Bit Viking is claimed to be the world’s first product tanker to be converted to liquefied natural gas (LNG) from heavy fuel oil (HFO) fuelled. After the conversion of main machinery, the vessel was re-delivered to her owner Tarbit Shipping in October 2011.

The converted vessel re-entered service one month later and is currently being operated by Statoil on a time charter along the Norwegian coastline.

Bit Viking was ordered for construction in June 2004. She was designed by Wärtsilä Ship Design in cooperation with Tarbit and Bergen-based ship designer Skipskonsulent.

The vessel, built by China-based Shanghai Edwards Shipbuilding, was delivered in September 2007. The naming ceremony was held in May 2008.

In August 2010, Tarbit Shipping contracted Wärtsilä to convert the vessel to LNG propulsion for reduced NOx emissions. In addition to the conversion of the existing two main engines, the turnkey contract involved modification of the ship’s systems to be compatible with the conversion, update of classification certificate and supply and installation of Wärtsilä LNGPac system, including two LNG storage tanks.

Technical specifications and cargo systems of Tarbit’s product tanker

"Bit Viking is claimed to be the world’s first product tanker to be converted to liquefied natural gas (LNG)."

Bit Viking is a double-hulled oil / chemical product tanker with a dead weight of 24,783mt. She has an overall length of 177.03m and length between perpendiculars of 166.99m.

Beam of the vessel is 26.30m. Moulded depth and draught are 12.80m and 9.70m. The vessel can transport 27,310m³ of cargo. Service speed of the vessel is approximately 16kt.

The vessel is equipped with a 10t load lifting capacity crane. The crane is fitted with Press-Vac centrifugal cargo pumps with combined capacity of 16 x 375m³/hr.

The vessel’s cargo system features a closed loading system, vapour return line and a third generation Saab Tank Radar.

Development of the world’s first LNG-fuelled product tanker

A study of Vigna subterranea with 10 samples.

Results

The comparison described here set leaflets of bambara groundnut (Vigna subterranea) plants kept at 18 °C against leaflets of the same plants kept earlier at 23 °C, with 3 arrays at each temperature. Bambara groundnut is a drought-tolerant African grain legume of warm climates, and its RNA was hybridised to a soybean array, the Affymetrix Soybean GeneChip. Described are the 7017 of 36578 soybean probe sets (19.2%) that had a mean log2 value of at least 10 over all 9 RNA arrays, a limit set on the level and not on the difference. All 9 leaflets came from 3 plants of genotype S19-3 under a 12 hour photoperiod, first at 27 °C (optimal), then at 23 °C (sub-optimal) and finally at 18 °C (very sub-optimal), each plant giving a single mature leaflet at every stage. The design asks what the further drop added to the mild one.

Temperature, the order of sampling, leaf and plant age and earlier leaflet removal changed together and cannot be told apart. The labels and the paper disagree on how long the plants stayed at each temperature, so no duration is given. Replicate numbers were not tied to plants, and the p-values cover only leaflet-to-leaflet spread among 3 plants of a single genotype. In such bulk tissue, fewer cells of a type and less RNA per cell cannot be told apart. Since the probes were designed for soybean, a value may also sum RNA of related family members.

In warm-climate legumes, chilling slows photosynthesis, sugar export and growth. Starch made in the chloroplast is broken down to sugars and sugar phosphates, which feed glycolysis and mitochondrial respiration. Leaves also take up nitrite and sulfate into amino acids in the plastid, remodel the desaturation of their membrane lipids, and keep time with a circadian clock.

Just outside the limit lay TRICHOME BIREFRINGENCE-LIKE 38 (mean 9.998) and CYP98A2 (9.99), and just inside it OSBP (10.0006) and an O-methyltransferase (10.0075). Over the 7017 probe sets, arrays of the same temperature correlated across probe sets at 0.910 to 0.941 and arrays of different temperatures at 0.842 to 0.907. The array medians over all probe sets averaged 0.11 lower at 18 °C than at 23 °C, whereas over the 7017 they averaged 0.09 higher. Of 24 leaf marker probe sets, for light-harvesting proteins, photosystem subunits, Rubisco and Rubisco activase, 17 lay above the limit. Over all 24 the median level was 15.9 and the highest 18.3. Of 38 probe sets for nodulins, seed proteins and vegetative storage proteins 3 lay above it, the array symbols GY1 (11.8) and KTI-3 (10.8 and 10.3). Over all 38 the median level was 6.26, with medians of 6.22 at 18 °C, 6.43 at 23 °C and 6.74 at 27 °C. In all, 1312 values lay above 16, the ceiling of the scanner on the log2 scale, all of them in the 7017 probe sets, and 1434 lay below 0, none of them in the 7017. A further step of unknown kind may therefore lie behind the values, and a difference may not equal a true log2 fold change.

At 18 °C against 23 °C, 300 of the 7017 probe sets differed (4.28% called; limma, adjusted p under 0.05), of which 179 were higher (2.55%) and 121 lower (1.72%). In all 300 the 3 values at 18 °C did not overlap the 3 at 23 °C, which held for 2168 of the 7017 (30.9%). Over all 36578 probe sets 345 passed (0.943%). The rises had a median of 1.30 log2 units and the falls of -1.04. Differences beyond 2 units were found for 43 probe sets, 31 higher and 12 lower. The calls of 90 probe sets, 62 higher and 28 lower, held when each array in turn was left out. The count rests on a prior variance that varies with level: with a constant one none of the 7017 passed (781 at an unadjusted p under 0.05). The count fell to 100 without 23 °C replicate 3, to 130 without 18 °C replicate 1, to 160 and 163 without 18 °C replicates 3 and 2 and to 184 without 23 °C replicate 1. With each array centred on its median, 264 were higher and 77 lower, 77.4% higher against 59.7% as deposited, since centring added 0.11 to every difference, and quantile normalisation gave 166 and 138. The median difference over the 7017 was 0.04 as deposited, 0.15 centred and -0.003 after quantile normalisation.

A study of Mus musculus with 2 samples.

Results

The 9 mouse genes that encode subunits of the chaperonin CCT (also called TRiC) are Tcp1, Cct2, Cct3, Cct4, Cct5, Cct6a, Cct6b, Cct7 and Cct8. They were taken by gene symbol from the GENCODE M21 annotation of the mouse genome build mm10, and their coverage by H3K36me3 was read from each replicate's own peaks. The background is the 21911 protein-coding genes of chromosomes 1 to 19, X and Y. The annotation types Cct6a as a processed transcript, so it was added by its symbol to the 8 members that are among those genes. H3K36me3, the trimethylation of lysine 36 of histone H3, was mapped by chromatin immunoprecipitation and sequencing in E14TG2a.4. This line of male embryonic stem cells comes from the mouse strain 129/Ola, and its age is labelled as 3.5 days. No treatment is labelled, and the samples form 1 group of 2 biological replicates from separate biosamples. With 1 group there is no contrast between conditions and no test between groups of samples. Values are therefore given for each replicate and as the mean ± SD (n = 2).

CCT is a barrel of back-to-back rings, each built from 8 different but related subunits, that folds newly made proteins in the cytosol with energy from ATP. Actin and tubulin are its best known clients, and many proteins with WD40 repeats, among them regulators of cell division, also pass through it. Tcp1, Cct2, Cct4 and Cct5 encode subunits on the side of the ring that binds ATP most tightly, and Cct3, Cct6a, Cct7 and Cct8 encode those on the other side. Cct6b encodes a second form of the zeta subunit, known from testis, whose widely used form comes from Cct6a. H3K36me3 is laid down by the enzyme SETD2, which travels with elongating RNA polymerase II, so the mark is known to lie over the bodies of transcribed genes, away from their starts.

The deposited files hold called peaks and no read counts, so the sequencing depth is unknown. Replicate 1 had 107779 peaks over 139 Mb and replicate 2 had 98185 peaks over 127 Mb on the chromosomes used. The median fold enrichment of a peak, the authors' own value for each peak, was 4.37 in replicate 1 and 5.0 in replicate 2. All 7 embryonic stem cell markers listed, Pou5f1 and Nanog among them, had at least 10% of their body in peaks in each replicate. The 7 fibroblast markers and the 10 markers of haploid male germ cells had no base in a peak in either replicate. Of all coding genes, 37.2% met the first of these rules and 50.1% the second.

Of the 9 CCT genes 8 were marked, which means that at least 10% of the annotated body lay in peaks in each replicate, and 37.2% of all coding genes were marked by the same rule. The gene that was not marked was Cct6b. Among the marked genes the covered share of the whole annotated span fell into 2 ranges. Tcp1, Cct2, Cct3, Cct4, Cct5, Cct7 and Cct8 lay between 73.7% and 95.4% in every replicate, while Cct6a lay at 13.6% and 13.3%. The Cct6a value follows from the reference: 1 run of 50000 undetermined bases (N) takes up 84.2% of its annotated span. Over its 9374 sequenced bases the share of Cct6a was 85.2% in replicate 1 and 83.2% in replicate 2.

The planning for the vessel’s conversion began in the first quarter of 2010. The conversion project commenced in August 2011 and the sea trials were undertaken one month later in September.

The conversion work was closely monitored by the classification society Germanischer Lloyd (GL) to ensure the components manufactured and fitted in the system are built using proper materials and welding.

The vessel has two engine rooms, propellers, steering gears, rudders and control systems. She has twin screw propulsion. Each of these was previously being powered by a six-cylinder in-line Wärtsilä 46 engine operating on HFO.

"Bit Viking was ordered for construction in June 2004. She was designed by Wärtsilä Ship Design in cooperation with Tarbit."

The conversion involved swapping these with six-cylinder in-line Wärtsilä 50DF dual-fuel engines running on LNG. Each of the two LNG-fuelled engines is capable of producing 5,700kW at 500rpm.

The electrical losses, which are an inevitable feature of oil burning engines, are prevented by connecting the engines directly to the propeller shafts via a reduction gear box.

Gas system components that are added to the new engines include a gas rail pipe and gas access valves, a pilot fuel system and exhaust gas waste gates.

Other new components include gas supply units, single and double-walled gas piping, an exhaust system and an electrical system. Fire fighting has also been upgraded. A torque meter has been provided to measure the engine power.

The vessel is fitted with two Wärtsilä NOx reducing systems and two shaft generators. There is a Brunvoll bow thruster of 1,450kW.

Fuel gas storage system onboard Tarbit Shipping’s Bit Viking

The vessel is outfitted with a Wärtsilä LNGPac system for safe and commodious storage of fuel gas onboard. The LNGPac system comprises two LNG storage tanks with combined storage capacity of 1,000m3.

With this capacity the vessel can operate for 12 days in LNG mode at 80% load.

The storage tanks are located on the vessel’s deck so that bunkering operations can be carried out smoothly. This also allows the bunkering of LNG at a rate of 430m3 an hour.